What Does It Mean to Be a Soldier of Christ?

I serve in a military community. There are several naval bases within the reach of my church. I have officiated an untold number of military funerals. I have been a part of a small number of military retirements. I admire those in the navy. They enlist (or are commissioned) knowing that they will be deployed. They must drop all other plans when their country calls them to service. They must leave their families behind when deployed. They have children who are born while they are away serving their country. They put their lives on the line to protect their country and ultimately their children.

Most civilians do not know the sacrifice of those serving in the military. Sure, they applaud them when they come home and honor them a few times a year for their service but the time they this will never pay for the time they have been away from their families in which their children knew of them as "the telephone call" or "the letter." Their whole families entered into the service with them. The families, too, should be honored.

Paul charged his son in the faith, Timothy, to act as a soldier because of his calling. The example of the military around me has helped me understand what that really means. 

I have heard so many ministers excuse their lame work in the ministry as "making sure that my family is taken care of." They come in late, leave early and mark every extra moment they have spent in service to the Lord for comp time. They expect the regular members to put in a full days work and come to the church to serve a couple more hours but they do not expect to put in one more minute than absolutely required. They are unfit for the ministry according to Paul. They are "hired help" according to Jesus. They will always be "called" to a place that pays them a higher salary.

How can the congregation ever learn what it means to be committed to Christ when the ministers are serving at their convenience? It will create a whole congregation of people who serve at a minimal level and get out of service as soon as they can. They will never understand what it is to be a soldier of Christ if those who have been called into vocational ministry do not exemplify that service to the congregation.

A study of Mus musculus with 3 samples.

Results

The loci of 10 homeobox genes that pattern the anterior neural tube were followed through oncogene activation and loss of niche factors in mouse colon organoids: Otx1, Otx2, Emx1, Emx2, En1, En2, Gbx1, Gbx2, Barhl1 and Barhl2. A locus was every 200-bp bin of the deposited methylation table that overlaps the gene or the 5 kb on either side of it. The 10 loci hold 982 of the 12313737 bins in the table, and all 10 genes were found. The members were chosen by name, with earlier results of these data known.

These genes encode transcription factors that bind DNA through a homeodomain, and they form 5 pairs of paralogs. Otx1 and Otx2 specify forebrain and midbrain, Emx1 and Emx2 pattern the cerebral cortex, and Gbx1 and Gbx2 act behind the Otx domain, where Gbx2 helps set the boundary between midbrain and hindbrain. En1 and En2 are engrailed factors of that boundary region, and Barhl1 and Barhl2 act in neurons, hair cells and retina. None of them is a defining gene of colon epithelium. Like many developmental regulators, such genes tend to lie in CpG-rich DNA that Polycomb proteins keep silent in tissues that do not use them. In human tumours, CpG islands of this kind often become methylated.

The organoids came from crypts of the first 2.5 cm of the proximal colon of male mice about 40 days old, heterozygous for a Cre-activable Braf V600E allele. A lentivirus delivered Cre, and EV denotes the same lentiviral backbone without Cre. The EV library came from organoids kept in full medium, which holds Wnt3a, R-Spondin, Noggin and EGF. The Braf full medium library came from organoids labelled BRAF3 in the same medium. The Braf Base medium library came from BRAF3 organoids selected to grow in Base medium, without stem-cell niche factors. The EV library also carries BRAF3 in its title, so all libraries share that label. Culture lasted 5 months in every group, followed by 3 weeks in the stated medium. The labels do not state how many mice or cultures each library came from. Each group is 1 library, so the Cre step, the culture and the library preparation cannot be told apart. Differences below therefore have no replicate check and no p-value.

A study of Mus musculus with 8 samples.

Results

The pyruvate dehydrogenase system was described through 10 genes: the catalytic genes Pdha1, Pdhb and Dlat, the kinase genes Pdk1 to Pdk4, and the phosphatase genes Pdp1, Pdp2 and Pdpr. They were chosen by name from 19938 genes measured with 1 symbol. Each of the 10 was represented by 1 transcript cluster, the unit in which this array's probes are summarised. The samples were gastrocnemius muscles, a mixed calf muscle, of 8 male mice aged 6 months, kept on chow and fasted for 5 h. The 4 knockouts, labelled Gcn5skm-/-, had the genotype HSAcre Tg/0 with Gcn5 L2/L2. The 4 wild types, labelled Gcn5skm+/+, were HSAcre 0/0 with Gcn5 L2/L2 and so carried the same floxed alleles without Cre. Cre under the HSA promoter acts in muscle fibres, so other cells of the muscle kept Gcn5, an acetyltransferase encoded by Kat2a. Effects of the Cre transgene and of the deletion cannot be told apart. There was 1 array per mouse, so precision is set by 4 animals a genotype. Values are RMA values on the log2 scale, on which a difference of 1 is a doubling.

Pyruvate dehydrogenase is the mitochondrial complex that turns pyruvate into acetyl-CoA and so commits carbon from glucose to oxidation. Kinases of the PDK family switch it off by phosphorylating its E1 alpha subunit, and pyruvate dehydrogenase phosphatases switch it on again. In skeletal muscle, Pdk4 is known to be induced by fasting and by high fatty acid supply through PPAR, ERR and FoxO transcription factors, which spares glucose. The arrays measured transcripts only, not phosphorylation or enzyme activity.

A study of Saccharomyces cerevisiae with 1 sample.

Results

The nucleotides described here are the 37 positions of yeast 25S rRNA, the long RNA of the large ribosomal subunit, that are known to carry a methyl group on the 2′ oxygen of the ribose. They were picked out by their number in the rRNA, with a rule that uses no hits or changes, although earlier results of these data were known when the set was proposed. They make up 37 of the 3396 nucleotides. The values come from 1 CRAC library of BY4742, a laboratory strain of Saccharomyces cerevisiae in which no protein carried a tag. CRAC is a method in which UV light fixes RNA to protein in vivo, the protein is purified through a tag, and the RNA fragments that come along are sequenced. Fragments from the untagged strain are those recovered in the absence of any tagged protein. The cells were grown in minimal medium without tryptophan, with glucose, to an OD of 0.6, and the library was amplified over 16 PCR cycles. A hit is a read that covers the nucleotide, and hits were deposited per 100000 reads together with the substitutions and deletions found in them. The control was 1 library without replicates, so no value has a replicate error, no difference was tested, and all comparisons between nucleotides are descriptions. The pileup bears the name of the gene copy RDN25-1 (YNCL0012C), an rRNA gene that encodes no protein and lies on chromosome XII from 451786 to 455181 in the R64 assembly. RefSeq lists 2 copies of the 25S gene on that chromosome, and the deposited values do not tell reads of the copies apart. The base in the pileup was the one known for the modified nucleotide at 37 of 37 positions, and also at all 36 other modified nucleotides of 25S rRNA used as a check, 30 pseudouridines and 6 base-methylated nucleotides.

Many of the people in the National Guard were appalled that they would be called up in Gulf War I. They had signed up to be "weekend warriors." They never expected to serve outside of the country. They expected them would be called in to help during a weather disaster but not fight an enemy who would shoot back at them. They did not know what it is to be soldiers. They acted like many Christians who are surprised that they have been asked to serve. They expected to come and enjoy the benefits. They will give a little so that they pay their dues but they are not about to lay down their lives.

Many Christians have become "weekend warriors." They will come to church several weekends of the month. They never expect to be pressed into service. They never expect to fight a battle. They are like soldiers who train for an enemy that they never see or fight. The enemy is just a mythical being. They don't even notice that he has already attacked through their complacency.

The calling to the Christian faith is one of a battle. It is fighting against an enemy who is often unseen. It is one which requires hours which the soldier would rather be doing something else. The service steals sleep. It takes the soldier away from his or her family. The family also feels the call for they endure the hardship of the one called away. The children understand the calling by the way their parents serve. They know it is not something to be trifled with. They know that their faith is not something that can be done at convenience. They know that it is a battle. They may resent the service for some time but they will only know it is necessary if they can see their parents involved in the battle.

I have never heard of a battle that was won when it was only fought when it was convenient. I have never seen a battle won in which there was not hardship and sacrifice. I have never seen any of the soldiers (sailors) in my community fail to understand that they could be deployed, yet I have seen many Christians fail to understand that they are called into an inconvenient service.

This is no video game.

What would Jesus say to this: Luke 14:26-27 (NIV)
26 "If anyone comes to me and does not hate his father and mother, his wife and children, his brothers and sisters--yes, even his own life--he cannot be my disciple.
27 And anyone who does not carry his cross and follow me cannot be my disciple.

What would Paul say to this: 2 Timothy 2:3-4 (NIV)
3  Endure hardship with us like a good soldier of Christ Jesus. No one serving as a soldier gets involved in civilian affairs--he wants to please his commanding officer.